A Different, More Colorful Settlers 7 Cover

I was at the local Fry’s Electronics last night perusing the PC games aisle when The Settlers 7 caught my eye. I had written about the game’s cover art while back, describing the differences in regional cover art. So the first thing I noticed about the box was that the art looked better.

I criticized the original US cover for trying to be too ‘badass’ and creating false expectations about the game’s content to people unfamiliar with the series. I’m sure a lot of other gamers felt the same way because Ubisoft made subtle changes to the cover art.

The original cover looked gritty and desaturated, like the opening battle of Fellowship of the Ring or Gladiator. The cover was split down the middle, showcasing the kingdom management on the left and the military strategy on the right. But because the original cover looked gray all around, it compromised the artist’s message. Both sides looked angry and ready for war. The man on the left had short, military-style haircut. The man on the right was decked in armor. If I didn’t know anything about The Settlers, I might think the game was about a rebel army fighting against an evil empire.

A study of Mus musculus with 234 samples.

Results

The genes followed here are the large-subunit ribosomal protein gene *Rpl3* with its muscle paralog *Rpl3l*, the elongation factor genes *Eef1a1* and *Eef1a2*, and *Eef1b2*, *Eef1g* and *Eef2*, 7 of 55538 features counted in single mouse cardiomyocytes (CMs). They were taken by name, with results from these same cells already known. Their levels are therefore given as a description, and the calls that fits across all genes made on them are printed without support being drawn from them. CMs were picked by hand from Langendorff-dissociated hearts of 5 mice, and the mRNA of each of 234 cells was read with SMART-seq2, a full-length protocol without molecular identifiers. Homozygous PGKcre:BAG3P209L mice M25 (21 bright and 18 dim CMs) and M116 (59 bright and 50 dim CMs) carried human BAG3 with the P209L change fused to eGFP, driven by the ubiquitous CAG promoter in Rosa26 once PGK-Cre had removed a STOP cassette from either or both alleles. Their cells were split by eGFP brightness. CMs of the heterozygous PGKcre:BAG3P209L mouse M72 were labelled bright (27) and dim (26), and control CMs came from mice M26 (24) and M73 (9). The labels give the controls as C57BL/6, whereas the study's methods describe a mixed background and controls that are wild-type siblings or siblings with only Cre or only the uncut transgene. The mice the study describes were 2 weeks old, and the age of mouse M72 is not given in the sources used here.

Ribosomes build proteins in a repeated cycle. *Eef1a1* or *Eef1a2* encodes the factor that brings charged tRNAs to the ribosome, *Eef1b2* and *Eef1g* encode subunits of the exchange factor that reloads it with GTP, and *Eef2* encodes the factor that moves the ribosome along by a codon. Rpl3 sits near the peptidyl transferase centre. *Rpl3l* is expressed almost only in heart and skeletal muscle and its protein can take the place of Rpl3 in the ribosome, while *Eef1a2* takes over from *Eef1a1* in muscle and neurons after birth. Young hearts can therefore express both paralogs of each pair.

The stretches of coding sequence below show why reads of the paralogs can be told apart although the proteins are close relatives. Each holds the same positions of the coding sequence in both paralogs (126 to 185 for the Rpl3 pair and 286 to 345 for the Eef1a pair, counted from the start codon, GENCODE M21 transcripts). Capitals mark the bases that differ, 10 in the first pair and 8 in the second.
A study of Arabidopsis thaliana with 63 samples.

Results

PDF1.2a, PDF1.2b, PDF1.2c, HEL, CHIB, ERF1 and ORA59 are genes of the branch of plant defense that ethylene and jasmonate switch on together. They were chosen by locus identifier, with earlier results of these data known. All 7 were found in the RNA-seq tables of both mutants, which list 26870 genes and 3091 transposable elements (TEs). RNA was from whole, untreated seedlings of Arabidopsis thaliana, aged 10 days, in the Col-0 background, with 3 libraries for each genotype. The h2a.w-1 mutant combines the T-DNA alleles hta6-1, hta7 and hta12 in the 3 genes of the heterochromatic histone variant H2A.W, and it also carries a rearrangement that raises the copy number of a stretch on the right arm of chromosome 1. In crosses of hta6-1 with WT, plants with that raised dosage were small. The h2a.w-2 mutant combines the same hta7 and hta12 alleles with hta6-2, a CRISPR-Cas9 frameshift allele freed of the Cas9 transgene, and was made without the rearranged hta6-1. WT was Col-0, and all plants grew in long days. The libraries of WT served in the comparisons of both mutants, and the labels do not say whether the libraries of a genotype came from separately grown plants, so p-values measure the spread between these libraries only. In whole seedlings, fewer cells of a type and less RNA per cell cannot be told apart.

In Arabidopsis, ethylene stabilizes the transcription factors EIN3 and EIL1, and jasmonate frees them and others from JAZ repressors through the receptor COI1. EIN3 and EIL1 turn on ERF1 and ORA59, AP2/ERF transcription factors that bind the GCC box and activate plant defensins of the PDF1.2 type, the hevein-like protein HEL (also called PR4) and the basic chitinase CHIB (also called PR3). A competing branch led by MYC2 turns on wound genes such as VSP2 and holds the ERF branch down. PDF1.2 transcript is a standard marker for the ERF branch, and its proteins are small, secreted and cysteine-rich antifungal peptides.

The new cover does a much better job make the two halves distinct. The most obvious way they emphasized the contrast was by adding color. On the left, the town looks cheerful under blue skies. On the right, the military stands ready, flanked by a fiery red backdrop. Secondly, the man on the left was altered with long, unkempt peasant hair. Although he’s still exhibiting an intense scowl, he no longer looks like the leader of a rebellion, ready to pick up a sword and bash some imperial skulls.

The more I look at this new cover, the more I like it. While the design is still somewhat misleading about the game’s actual art style, it has a clearer message about the player’s role in the game as both kingdom overseer and military commander. Plus, the purpose of the cover is to get people to pick up the box. What actually sells the game is the back cover, which remains largely the same regardless of region.